Retro Sweets Notecards Box Set
This stunning set of 10 retro sweets notecards is presented in a deluxe embossed keepsake box. Double-varnished and printed on high quality 300gsm card, these are ideal to send to friends or family for birthdays, or any other occasion (cards are blank for your own message; quality textured envelopes are included). As they’re so vibrant and attractive, and include their own border (or mount), they can even be framed to brighten up any desk or wall (they will fit any standard 7” x 5”frame).
(Trebor/Bassetts) Refreshers – It’s The Fizz That Gives You Whizz
(Nestle) Milky Bar – The Milky Bars Are On Me
(Mars) Opal Fruits – Made To Make Your Mouth Water
(Topps) Bazooka Bubble Gum – Bazooka Joe and His Gang
(Mars) Peanut Treets – The Heart Of Every Crunch
(Cadbury) Picnic – Deliciously Ugly
(Mars) Spangles Orange – The Sweet Way To Go
(Nestle) Tooty Frooties – Froot Flavours
(Mars) Marathon – The Biggest and Best
(Cadbury) Bar Six – The Big Six
Launched in 1935, Refreshers are a classic pastel-coloured fizzy sweet. Made by Trebor Barratts.
Nestlé Milkybar is a still-available white chocolate confectionery product (also called Galak, from 1967). White chocolate has been available from Nestlé since the 1930s. Making his debut in 1961, the Milkybar Kid is the famous face of the television advertising campaigns - a blond, bespectacled child-cowboy his catchphrase is "The Milkybars are on me!".
Opal Fruits was launched in 1960 as a brand of a square-shaped, soft fruity candy made by Mars. In 1998 the name was changed to Starburst to standardise the product’s names globally (the original name came from a competition – won by Peter Pfeffer). Originally in four flavours (strawberry, orange, lemon and lime), the slogan "Opal Fruits - made to make your mouth water!" (coined by Murray Walker) was well known throughout the 1970s and 1980s. The tune in the TV adverts was also very catchy: "Opal Fruits - made to make your mouth water - fresh with the tang of citrus - four natural flavours – there’s strawberry…there’s lime…there’s orange and lemon too…” (the link opens in a new window):
Bazooka bubble gum appeared shortly after the end of the Second World War and was produced by Topps. Packaged in red, white, and blue, small accompanying comic strips were included from 1953. These featured "Bazooka Joe" and his friends. Starting with "Original" flavour, others followed: "Strawberry Shake", "Cherry Berry", "Watermelon Whirl" and "Grape Rage".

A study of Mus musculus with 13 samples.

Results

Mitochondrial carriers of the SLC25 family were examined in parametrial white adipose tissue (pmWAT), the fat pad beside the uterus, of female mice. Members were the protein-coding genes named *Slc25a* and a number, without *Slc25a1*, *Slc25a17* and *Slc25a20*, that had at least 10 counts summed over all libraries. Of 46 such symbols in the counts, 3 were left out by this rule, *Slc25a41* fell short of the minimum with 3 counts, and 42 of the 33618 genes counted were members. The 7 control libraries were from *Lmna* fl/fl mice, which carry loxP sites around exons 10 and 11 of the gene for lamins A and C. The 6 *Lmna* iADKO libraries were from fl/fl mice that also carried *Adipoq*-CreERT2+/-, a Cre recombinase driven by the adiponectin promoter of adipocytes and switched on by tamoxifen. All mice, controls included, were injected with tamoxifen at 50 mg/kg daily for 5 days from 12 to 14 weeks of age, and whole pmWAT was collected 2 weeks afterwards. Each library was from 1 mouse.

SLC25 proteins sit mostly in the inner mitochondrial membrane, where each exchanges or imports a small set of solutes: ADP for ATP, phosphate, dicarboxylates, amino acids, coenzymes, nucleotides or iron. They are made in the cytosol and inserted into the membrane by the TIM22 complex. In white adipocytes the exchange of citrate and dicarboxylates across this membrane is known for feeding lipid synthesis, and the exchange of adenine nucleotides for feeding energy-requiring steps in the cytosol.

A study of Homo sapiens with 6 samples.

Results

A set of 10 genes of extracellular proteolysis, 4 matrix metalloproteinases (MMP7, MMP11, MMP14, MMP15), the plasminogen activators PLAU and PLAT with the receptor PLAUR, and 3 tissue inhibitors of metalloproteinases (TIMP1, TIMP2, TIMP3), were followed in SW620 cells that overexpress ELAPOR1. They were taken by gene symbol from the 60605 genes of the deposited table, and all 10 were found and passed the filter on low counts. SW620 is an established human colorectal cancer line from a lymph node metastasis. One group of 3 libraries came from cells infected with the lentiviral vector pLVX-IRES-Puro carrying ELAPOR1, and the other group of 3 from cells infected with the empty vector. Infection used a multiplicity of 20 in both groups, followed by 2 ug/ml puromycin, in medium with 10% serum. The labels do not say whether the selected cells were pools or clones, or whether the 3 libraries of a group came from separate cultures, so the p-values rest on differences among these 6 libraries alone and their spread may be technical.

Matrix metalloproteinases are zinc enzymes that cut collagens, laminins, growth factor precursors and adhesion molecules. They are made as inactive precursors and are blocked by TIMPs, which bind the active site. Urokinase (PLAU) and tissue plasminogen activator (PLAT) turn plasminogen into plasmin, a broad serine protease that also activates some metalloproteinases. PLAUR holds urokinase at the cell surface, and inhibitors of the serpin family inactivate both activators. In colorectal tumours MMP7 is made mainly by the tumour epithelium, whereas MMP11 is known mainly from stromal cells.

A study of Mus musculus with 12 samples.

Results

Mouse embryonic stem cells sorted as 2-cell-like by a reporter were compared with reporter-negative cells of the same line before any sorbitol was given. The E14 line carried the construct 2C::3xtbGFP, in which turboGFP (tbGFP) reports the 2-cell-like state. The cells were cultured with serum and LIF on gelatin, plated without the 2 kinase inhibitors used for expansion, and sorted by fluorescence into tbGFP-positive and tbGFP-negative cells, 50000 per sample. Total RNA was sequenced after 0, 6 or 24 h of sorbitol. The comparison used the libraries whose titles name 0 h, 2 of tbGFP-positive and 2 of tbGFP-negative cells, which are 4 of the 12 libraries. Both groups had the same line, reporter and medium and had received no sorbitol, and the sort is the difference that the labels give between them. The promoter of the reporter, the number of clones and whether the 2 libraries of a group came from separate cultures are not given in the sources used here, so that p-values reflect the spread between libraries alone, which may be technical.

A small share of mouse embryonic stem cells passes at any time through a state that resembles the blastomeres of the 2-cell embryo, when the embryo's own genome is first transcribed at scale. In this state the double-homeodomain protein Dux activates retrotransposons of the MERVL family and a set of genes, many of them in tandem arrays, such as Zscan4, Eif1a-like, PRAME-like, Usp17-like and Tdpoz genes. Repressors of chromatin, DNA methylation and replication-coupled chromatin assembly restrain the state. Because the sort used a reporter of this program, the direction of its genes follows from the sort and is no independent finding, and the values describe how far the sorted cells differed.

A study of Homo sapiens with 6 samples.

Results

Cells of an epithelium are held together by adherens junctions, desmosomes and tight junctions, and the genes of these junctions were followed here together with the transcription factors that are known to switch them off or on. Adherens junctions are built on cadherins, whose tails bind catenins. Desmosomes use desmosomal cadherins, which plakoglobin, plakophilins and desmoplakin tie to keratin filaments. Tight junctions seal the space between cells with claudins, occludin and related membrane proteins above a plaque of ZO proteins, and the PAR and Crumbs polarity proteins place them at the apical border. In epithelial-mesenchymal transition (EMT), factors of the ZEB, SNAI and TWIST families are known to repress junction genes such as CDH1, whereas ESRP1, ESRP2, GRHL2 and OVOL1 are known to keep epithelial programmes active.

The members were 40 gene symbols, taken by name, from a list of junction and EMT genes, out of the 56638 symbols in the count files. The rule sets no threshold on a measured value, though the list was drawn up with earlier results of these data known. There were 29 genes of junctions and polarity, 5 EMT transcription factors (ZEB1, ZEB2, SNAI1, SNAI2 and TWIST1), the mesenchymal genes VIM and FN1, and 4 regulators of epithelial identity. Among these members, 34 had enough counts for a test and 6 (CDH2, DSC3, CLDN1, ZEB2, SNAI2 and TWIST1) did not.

Originally called Treets, and later Peanut Treets (to accompany Toffee Treets and Chocolate Treets), these were peanuts coated in chocolate and an outer glazed-sugar shell. Launched in the 1960s, they continued to be available until 1988 when they were replaced by several other brands. Sold by Mars, Peanut Treets had a yellow packet (replaced by M&Ms), Toffee Treets had a blue packet (replaced by Relays) and Chocolate Treets had a brown packet (replaced by Minstrels). All three were marketed with the slogan "Melts in your mouth, not in your hand" (first used in 1967).
Cadbury’s Picnic is a milk chocolate coated confectionery bar containing caramel, raisins, peanuts, nougat, biscuit and crisped rice. First launched 1958, it still remains on the confectionery shelves.
Spangles were introduced in 1950 (when rationing was still in effect – one of their advantages was that they only needed one ration point rather than the two that other sweets of the time needed) and were available in various flavours until discontinued in 1984 (though they did have a brief reprise in 1995, in orange and blackcurrant flavours). Hopalong Cassidy (played by William Boyd) featured in advertising, alongside the slogan "Hoppy's favourite sweet". Manufactured by Mars, they initially came in a paper tube of unwrapped sweets but were later individually wrapped. The sweets themselves were an odd shape - a round cornered square with a semicircular depression in each face. Today, the Tunes brand, a relation of Spangles, maintains the shape and wrapping characteristics of the original.
Tooty Frooties were packed in a multicoloured, but purple based packet. The sweets were one of several colours/flavours, square, and had a hard crispy shell with a chewy centre.
Marathon was launched in the UK in the 1930s as a chocolate-coated peanut, caramel and nougat confectionery bar. Named Snickers in the US, after a prize winning racehorse (by Frank Mars, the company’s founder), it was apparently named differently in the UK by his son, Forrest Mars Sr, who linked the name with its high calorie content. The UK name was changed to Snickers in 1990, when the company standardised the product’s names globally.
Cadbury's Bar Six was a chocolate covered wafer and hazelnut cream bar.